Motorcycles & Fashion: Ready to Ride

It’s all about the road, the risk and the ride. More and more Americans are taking to the road on motorcycles—in 2018, 13,158,100 motorcycles were being used and that number is rising every day. Right now, especially, the reason seems obvious: Cooped-up Americans can taste adventure and feel freedom on a bike, while “practicing the ultimate social distancing.”

Here are 5 great rides.
(There are lots more).

1. Highway 150 (The Mirror Lake Highway)
Especially at this time of year, the Mirror Lake Highway is a road treasure. Winding through evergreen and deciduous forest providing a colorful mosaic of changing leaves, the curving, well-kept road is the route to a sparkling alpine lake with snow-capped mountains all around. This is one of the highest roads in Utah.

2. Highway 12
One of the most scenic and thrilling rides in Utah or anywhere, Highway 12 goes over Boulder Mountain through Grand-Staircase-Escalante National Monument to Kodachrome Basin and by Bryce Canyon National Park. Towering red rock formations shelter the river below, lined with bright yellow cottonwood trees in the fall. Escalante and the town of Boulder have good food—Burr Trail Grill and Hell’s Backbone Grill in Boulder, particularly.

3. Wolfcreek Pass | UT-35
Another high-elevation road with gorgeous mountain views of the San Juan mountains from Heber to Hanna. This road may be snowed in or iced over in winter, so check conditions before you set out.

4. Mount Nebo Loop
Designated a National Scenic Byway by the Federal Highway Administration, Mount Nebo Loop threads through the Uinta-Wasatch-Cache National Forest from Nephi to Payson, past Devil’s Kitchen and by the Mount Nebo Wilderness.

5. Bicentennial Scenic Byway
The star of this ride is the Glen Canyon Bridge spanning man-made Lake Powell, but there are steep red rock canyons along the way and Natural Bridges National Park has lots of, yes, natural bridges, as well as some of the darkest night skies in the state, if you want to stop and look up.

That’s a joke, but it’s also the truth, according to Vance Harrison, owner of Harrison Eurosports which sells BMW, Ducati and Triumph bikes.

A 1962 650cc Triumph TR6R is what actor Steve McQueen rode in the famous scene from The Great Escape. (Actually, stuntman Bud Ekins did the scene, but the bike is forever associated with McQueen, the coolest guy ever to ride a motorcycle.)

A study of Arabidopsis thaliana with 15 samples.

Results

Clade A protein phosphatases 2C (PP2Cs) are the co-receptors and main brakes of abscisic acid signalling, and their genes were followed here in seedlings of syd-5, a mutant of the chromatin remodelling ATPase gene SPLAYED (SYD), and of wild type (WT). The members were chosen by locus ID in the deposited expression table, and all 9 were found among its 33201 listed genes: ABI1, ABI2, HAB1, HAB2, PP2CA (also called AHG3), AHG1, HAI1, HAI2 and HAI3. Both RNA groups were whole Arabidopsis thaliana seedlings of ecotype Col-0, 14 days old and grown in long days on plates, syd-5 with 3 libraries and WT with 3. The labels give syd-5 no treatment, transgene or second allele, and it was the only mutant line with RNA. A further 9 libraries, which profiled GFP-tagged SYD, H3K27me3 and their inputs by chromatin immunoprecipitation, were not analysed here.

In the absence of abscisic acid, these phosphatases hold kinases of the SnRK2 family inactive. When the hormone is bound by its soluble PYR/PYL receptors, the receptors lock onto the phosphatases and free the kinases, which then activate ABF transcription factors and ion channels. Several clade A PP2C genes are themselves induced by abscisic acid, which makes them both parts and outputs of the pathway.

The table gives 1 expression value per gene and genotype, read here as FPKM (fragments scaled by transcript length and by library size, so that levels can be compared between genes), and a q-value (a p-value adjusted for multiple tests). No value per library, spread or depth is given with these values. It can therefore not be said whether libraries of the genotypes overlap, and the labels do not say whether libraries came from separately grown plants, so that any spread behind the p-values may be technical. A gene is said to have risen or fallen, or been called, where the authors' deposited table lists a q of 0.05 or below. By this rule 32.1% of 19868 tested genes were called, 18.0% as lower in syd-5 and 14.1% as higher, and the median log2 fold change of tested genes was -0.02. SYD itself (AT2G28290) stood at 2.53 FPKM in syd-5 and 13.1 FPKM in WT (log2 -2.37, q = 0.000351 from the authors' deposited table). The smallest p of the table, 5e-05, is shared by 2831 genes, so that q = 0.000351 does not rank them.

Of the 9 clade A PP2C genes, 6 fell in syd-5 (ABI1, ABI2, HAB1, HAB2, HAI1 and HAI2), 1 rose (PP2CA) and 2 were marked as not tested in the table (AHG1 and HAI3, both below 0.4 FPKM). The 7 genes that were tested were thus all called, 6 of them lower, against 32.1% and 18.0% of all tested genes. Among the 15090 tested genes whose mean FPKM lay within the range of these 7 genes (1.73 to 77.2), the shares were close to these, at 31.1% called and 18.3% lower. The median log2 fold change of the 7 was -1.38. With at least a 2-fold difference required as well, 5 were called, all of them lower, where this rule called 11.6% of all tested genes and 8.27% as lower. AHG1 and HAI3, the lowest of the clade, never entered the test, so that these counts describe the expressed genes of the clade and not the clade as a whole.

Motorcycles have always been associated with cool, badass guys—Marlon Brando in The Wild Ones, Steve McQueen in The Great Escape. Tom Cruise, whose image goes along with these guys, owns one of the most powerful and expensive motorcycle collections in the world. And many motorcycle enthusiasts work in high-risk jobs—heart surgeons, active military, airline pilots—and they tend to want the same adrenaline rush in their recreation that they get from their occupation. Motorcycles are risky—although they have more safety features than ever before, it still requires full concentration to drive a bike. You can’t drive a bike the way you drive a car.

But now motorcycles are also associated with cool, badass women, orthodontists, lawyers and family guys, says Harrison. All kinds of people are riding. “It’s the life dream of some people,” he says. “They come in here and say, “All my life I’ve wanted to ride a motorcycle. Now I’m retired, I’ve got the time and the money and I’m going to do it.”

Harrison and his staff of enthusiasts are there to help first-time riders of any age, match them with the right bike, coach them, even introduce them to others on the road via organized rides around Utah.

Motorcycles have changed along with the riders.

“Every time automobile designers come up with a new safety feature, it makes its way to motorcycles,” says Taylor Brody, marketing director for Harrison. For example, motorcycles have airbags now, and so do motorcycle jackets.

Safety is the huge concern; Harrison offers a refresher safety class every year. Car drivers tend not to see motorcycles; two wheels just don’t register. “Pretend you’re invisible when you ride” is what Harrison’s safety class teaches. That why last year the Utah legislature passed a lane-altering law, allowing bikes to “go to the front of the line” at a red light. It’s safer that way, the drivers will see you. Engineers are working on a self-balancing bike and BMW uses the same brake system in its bikes as it does in its cars.

That’s all good but you don’t think “safe!” when you see a room full of gleaming motorcycles. You think “cool.”

Harrison is the third-largest motorcycle dealer in the country. Why? “Because we’re in Utah,” he grins. Another joke, but the point is, Utah has some of the best landscape in the world to ride a motorcycle around in. “I went on a trip to Morocco to ride,” Vance recalls. “It was amazing—the landscape, the high desert. Then I came back to Utah and said, why did I ever leave?”

It’s true that groups from all over the world come on motorcycle tours to Utah and the rest of the American West to experience some of the best rides in the world. Ride on.


Photos / Adam Finkle

Styling / Farasha, Vanessa Di Palma Wright

Hair & makeup / Nikki Breedlove

Art Direction / Jeanine Miller

Model / Keilara McCormick for TMG

Mary Brown Malouf
Mary Brown Malouf is the late Executive Editor of Salt Lake magazine and Utah's expert on local food and dining. She still does not, however, know how to make a decent cup of coffee.